Uber to Pay $20 Million in FTC Settlement Over False Ads

It’s hard to keep up with all the new ride-hailing startups these days, and not just for consumers, but for drivers as well.

With increased competition, rideshares are coming up with their own strategies to attract drivers. But, as the Federal Trade Commission proved yesterday, posting false potential earnings ads should not be one of them.

Uber agreed to pay $20 million to settle FTC’s allegations that the rideshare giant misled drivers with ads of inflated potential earnings and understated financing costs.

According to the agency, Uber claimed on its website that uberX drivers’ annual median income was more than $90,000 in New York and over $74,000 in San Francisco. The drivers’ annual median income, however, turned out to be $61,000 in New York and $53,000 in San Francisco, and less than 10% of all drivers in those cities earned the yearly income Uber had advertised.

In addition, drivers were promised the “best financing options available” through Uber’s Vehicle Solutions Program, regardless of the driver’s credit history, with lease payments as low as $119/week. However, the FTC found that the median weekly lease payments exceeded $200, and “in fact, its drivers received worse rates on average than consumers with similar credit scores typically would obtain. In addition, Uber claimed its drivers could receive leases with unlimited mileage through its program when in fact, the leases came with mileage limits,” the FTC said in a statement.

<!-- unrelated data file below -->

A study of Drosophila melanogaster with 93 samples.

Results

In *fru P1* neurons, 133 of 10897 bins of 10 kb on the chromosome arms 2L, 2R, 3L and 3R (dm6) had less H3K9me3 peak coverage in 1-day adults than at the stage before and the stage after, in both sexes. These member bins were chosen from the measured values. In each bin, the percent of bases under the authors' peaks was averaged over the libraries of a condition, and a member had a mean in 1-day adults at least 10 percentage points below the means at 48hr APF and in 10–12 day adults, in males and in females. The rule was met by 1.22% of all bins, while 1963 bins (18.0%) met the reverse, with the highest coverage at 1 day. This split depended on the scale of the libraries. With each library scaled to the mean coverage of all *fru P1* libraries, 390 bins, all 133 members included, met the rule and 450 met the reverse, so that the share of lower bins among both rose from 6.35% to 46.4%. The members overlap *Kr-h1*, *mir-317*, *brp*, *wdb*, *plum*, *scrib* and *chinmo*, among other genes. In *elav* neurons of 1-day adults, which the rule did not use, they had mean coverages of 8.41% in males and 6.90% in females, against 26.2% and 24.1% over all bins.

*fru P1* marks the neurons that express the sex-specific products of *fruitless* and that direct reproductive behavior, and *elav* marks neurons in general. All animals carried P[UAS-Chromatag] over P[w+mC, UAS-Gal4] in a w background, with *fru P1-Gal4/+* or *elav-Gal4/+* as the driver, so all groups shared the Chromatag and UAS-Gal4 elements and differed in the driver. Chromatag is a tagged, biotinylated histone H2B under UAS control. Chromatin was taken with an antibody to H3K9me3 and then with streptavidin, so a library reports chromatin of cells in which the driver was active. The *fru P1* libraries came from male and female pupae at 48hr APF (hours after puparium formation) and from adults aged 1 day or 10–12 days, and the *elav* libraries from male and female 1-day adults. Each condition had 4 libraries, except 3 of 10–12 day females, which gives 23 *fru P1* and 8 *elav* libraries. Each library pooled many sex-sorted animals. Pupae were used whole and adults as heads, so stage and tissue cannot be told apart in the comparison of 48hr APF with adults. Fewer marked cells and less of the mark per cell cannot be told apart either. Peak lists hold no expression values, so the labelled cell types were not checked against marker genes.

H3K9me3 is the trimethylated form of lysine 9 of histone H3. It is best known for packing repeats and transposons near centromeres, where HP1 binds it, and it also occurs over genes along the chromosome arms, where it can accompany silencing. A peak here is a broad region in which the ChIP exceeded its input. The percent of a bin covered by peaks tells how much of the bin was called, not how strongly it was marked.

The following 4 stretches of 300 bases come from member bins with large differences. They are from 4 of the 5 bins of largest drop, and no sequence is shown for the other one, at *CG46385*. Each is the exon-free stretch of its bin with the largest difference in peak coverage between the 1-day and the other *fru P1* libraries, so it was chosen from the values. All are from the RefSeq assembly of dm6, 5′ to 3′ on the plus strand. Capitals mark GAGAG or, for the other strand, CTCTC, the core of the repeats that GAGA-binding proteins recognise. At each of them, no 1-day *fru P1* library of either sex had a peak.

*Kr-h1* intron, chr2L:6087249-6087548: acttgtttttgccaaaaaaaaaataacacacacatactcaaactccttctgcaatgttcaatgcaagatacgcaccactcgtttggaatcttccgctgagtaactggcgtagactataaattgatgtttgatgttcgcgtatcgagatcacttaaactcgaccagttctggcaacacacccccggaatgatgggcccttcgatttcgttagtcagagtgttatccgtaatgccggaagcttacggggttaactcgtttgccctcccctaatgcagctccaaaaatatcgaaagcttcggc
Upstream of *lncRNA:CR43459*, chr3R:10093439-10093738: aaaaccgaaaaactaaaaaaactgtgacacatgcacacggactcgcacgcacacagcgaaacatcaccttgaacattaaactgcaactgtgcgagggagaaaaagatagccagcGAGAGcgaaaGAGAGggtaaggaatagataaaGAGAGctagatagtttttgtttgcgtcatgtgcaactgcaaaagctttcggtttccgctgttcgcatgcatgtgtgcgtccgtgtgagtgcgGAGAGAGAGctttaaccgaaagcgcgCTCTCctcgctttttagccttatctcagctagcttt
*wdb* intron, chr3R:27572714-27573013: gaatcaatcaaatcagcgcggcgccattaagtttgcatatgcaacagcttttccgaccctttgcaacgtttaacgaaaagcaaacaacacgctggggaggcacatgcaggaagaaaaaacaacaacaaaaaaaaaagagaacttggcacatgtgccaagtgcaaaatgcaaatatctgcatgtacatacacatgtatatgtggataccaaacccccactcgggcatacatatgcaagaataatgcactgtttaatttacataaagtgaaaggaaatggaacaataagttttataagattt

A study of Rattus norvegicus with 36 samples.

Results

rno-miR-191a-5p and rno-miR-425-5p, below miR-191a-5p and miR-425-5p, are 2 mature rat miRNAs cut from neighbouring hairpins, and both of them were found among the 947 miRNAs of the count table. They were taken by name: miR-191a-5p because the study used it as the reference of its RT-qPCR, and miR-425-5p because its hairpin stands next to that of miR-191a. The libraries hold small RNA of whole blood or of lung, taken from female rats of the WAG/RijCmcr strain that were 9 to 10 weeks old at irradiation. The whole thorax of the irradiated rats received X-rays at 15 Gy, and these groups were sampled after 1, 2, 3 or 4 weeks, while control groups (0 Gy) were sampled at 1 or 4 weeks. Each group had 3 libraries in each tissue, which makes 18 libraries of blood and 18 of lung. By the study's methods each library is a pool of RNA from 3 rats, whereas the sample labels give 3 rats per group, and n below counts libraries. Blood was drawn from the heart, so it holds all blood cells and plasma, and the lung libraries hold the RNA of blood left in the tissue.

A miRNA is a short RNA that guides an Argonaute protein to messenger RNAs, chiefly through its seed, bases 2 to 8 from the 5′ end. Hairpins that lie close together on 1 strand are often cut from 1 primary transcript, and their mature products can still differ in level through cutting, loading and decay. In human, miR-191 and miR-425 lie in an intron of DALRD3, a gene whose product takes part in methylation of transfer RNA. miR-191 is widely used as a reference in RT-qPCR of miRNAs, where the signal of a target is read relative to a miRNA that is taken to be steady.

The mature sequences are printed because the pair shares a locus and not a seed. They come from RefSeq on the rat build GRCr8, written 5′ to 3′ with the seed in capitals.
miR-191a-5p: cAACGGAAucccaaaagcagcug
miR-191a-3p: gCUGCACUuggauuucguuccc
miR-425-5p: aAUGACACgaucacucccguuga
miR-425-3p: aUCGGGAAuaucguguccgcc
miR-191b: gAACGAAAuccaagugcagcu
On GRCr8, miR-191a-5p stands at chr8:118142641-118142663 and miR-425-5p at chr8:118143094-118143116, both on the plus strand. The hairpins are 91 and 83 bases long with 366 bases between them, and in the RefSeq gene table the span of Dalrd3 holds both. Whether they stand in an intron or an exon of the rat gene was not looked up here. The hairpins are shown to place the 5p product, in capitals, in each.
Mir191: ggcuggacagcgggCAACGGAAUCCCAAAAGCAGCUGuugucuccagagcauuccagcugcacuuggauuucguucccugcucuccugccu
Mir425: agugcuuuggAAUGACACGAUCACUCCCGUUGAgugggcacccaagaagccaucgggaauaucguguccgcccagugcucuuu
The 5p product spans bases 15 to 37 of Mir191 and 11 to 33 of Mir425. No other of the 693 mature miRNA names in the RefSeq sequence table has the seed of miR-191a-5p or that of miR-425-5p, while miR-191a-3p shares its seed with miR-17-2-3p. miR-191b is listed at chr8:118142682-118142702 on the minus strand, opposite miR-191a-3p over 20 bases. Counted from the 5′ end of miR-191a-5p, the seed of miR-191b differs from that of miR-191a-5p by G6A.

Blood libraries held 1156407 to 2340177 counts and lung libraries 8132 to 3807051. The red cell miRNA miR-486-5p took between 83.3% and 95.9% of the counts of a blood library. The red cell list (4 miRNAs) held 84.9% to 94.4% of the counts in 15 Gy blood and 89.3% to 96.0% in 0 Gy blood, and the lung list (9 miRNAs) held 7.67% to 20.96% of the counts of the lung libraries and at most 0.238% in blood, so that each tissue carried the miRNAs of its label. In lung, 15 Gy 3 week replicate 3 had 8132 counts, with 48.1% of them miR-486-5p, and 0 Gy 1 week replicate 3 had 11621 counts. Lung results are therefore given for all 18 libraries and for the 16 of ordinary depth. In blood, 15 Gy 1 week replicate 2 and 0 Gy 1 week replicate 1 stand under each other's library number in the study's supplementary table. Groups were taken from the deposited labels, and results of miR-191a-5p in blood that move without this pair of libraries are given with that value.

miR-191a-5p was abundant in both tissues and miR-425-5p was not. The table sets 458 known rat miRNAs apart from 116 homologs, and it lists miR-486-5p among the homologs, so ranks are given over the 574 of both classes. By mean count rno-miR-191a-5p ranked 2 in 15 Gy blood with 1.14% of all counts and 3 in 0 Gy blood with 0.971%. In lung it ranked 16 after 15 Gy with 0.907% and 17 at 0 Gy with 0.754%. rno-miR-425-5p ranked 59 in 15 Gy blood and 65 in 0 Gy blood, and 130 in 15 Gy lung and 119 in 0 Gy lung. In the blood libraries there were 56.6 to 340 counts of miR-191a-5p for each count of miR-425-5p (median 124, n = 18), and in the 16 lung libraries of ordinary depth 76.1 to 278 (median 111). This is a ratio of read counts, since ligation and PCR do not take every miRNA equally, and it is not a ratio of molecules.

The $20 million will be used to provide refunds to affected drivers across the country, the FTC said. The settlement details can be accessed here.

In a standoff for the ultimate rideshare platform, it’s no wonder that Uber has been losing marketshare to newcomers, who, you know, don’t drive their employees to protest for fair wages. Via, for example, pays an hourly wage to its drivers. Also, Via takes only about 7% commission on cars that can carry up to four passengers and about 2% on those that can hold five, as opposed to Uber’s 25% to 30% commission.